Sinema Films

  • 315 W 36th Street, New York, NY, 10018
We are a premier production company based out of New York and Los Angeles.
  • Video Production Company
  • 315 W 36th Street, New York, NY, 10018
Added on 19 February 2019

Get a crash course in video production lingo

19 February 2019

Are you feeling intimidated by the lingo used by the production people at the set? It is crucial that you understand some of the words they are using for communication so that you can forward your inputs, if any, about the production process. Read on for a crash course in the lingo used by the production experts so that you can come up with best video production for your next promotion campaign:

Shooting not filming:

People from non-production background often ask if the ‘filming’ of the video has started. In video shooting, there is no film involved. Everything is being shot on a digital video camera. Digital video is the most used medium nowadays because it can be edited easily and is more accessible. When the video production NYC company beings shooting then you will hear that people shouting the word “shoot”.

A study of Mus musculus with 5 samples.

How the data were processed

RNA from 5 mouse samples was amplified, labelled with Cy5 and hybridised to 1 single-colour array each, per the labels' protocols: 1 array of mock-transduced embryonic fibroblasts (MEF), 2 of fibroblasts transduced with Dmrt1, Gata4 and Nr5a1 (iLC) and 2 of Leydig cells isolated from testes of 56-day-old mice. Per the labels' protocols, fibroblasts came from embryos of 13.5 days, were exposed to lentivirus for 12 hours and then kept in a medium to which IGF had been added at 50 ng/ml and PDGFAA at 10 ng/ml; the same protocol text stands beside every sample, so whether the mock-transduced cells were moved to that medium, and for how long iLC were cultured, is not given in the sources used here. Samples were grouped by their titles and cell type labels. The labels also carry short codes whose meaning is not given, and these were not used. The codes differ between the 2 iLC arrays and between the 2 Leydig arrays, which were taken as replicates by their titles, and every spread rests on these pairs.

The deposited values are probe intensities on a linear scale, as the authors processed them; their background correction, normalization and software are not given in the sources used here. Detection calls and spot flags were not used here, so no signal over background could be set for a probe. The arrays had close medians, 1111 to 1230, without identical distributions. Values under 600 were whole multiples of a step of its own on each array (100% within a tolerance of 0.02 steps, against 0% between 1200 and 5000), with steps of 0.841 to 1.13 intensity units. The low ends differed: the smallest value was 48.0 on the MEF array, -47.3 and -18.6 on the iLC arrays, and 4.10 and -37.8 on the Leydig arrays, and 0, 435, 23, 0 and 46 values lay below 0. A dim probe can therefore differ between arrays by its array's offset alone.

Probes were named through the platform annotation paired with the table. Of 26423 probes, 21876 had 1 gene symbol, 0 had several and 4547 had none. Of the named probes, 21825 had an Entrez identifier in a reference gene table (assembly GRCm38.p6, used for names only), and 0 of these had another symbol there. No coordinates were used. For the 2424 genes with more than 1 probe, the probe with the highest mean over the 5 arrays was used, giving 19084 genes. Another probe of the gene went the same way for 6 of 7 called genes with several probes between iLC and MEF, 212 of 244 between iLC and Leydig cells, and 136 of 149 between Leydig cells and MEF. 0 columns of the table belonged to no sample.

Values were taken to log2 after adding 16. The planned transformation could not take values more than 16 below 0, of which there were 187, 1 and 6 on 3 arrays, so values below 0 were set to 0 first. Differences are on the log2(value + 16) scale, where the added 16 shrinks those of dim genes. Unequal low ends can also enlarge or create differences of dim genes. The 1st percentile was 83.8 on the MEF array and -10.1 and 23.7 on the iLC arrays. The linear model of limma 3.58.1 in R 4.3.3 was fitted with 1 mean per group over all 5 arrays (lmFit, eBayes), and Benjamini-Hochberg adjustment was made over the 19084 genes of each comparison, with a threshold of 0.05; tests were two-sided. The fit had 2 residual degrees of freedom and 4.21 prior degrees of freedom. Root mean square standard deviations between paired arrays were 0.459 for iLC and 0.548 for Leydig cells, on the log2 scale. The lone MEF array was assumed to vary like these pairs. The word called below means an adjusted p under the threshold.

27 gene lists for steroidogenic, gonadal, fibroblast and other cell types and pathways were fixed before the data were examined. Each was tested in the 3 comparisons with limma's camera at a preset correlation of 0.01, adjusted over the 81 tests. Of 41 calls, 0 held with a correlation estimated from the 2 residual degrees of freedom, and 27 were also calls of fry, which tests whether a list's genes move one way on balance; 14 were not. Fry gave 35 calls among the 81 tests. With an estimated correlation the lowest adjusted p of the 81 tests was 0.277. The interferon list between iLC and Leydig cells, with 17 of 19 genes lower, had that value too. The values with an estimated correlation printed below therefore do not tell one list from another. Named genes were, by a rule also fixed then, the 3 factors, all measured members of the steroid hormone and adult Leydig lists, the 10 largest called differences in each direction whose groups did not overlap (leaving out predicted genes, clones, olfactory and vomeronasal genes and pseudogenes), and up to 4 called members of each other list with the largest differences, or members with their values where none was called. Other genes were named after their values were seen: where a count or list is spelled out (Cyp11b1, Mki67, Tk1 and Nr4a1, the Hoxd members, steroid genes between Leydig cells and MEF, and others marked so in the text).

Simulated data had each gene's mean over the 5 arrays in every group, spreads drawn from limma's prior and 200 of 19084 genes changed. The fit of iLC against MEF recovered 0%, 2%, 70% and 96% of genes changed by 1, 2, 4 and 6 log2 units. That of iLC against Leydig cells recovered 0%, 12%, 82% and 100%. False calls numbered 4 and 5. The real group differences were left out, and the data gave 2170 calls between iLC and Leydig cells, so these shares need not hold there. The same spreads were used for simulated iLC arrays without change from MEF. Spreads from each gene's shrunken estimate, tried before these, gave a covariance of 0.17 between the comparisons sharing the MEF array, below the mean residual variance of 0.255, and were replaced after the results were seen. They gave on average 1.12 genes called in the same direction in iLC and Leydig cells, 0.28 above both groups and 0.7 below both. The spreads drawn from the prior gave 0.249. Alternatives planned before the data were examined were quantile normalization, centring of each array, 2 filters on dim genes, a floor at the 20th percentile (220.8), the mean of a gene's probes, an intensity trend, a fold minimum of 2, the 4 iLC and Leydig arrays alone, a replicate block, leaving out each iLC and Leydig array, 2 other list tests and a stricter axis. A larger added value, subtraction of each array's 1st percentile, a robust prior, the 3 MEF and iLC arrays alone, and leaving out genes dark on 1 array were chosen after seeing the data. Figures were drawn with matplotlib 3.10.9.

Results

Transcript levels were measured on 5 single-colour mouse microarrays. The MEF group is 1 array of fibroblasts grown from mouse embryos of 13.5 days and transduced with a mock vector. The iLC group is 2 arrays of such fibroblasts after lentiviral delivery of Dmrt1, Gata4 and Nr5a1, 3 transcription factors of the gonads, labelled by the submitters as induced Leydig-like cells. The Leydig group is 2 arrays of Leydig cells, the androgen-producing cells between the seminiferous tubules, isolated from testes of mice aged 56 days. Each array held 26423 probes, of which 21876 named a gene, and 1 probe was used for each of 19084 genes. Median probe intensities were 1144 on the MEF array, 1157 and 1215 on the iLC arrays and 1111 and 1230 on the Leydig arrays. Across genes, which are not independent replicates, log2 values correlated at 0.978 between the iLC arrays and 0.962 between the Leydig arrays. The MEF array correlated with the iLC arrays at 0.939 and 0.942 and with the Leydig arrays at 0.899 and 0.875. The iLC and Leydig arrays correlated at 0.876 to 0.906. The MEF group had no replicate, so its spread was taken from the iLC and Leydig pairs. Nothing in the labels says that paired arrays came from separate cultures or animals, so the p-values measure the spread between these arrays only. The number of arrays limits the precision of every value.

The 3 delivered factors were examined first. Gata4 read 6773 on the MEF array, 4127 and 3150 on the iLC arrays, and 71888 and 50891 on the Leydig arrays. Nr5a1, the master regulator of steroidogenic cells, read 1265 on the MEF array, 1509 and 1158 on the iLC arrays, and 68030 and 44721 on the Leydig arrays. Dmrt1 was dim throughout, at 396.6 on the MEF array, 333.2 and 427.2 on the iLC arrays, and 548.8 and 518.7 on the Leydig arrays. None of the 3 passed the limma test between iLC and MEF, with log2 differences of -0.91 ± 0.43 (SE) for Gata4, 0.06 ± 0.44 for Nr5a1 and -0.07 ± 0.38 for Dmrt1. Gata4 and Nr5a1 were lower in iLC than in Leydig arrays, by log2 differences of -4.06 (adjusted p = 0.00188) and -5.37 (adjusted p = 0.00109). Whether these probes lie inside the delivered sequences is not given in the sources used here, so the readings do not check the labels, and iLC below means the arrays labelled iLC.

In video production, you will not find a producer but a videographer who is in charge of the entire process.


The video making process is highly technical and you will come across a number of new words being used by the video production company staff.

Accent light:

The accent light is something that emphasises on a single subject.


This is known as the supplemental shots. Though the term A-shot is not used you can think of it as A and B footage.

Call sheet:

The call sheet is a list of talent, crew or client who will be present in the shooting that day. It will also contain the full details of time, place of shooting, attire, day’s schedule and equipment.


A clapper is a board that claps after the director says “Lights, camera, action”. It is a useful piece of equipment that separates one shot from the other. It is usually a black and white rectangular piece which creates a specific sound before everyone goes quiet and the shooting begins.


These are tripods that hold up the camera.


This refers to a transparent sheet that reduces the brightness of lights.

These are some more of the many words that you will find being used around you as long as the shooting continues.